Anna Waldstein, David Nutt and Joanna Kavenna discuss what drives our attachment to culturally dominant intoxicants and their possible alternatives.


Do we not act to contain this killer because of its centrality to our culture and the vested interests involved? As an alternative to prohibition, would we be better to normalise other social drugs claimed to be safer such as psychedelics? Or should we recognise that all cultures have used intoxicants, accept the risks and enjoy their effects?

Chair of the Independent Scientific Committee on Drugs, David Nutt, Medical Anthropology and Ethnobotany academic Anna Waldstein, and bestselling author Joanna Kavenna go head to head on desire and restraint. Hosted by Postdoctoral Training Fellow at the Francis Crick Institute Güneş Taylor.

#CultureAndAddiction #MassProductionAlcohol #WhyGiveUpAlcohol

Dr Anna Waldstein is a Senior Lecturer in Medical Anthropology and Ethnobotany at the University of Kent. Her current research centres on the political and spiritual dimensions of medicinal plant-use, and the historical relationship between medicine and social control, as well as issues related to embodiment, intersubjectivity and spirituality.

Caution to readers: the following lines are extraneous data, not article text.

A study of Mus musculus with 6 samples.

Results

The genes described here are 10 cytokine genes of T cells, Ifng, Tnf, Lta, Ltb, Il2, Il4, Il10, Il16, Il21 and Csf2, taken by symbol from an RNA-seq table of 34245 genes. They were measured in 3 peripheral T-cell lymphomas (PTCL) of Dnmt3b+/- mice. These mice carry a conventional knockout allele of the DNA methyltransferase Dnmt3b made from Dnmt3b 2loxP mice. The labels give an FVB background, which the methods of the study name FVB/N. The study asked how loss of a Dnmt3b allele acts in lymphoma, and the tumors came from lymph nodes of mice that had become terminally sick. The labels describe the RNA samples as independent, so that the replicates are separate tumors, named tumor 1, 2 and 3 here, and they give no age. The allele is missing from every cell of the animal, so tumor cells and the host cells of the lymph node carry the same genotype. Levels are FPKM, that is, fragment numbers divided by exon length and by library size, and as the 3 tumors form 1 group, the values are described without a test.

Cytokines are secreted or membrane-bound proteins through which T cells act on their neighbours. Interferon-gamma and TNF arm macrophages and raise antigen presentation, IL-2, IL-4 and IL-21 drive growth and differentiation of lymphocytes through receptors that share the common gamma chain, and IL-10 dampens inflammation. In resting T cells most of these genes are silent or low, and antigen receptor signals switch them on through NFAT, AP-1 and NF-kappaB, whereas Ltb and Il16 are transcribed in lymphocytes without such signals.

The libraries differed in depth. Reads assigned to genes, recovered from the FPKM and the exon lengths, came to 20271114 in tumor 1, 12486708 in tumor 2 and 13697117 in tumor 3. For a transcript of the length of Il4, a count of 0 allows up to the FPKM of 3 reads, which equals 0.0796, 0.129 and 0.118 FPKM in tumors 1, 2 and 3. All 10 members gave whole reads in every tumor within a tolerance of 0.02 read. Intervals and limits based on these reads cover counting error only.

Chair of the Independent Scientific Committee on Drugs, David Nutt has been a fierce defender of science based policy since his infamous sacking as drugs advisor to the government.

Güneş Taylor is a training fellow at the Francis Crick Institute, the London-based biomedical research centre. Güneş has debated the implications of genome editing in forums such as Fertility Fest, the Festival of Genomics, and Virtual Futures, as well as on the Guardian’s podcast Science Weekly. In 2018, Güneş was awarded the Crick Public Engagement Prize for her efforts in the public communication of science.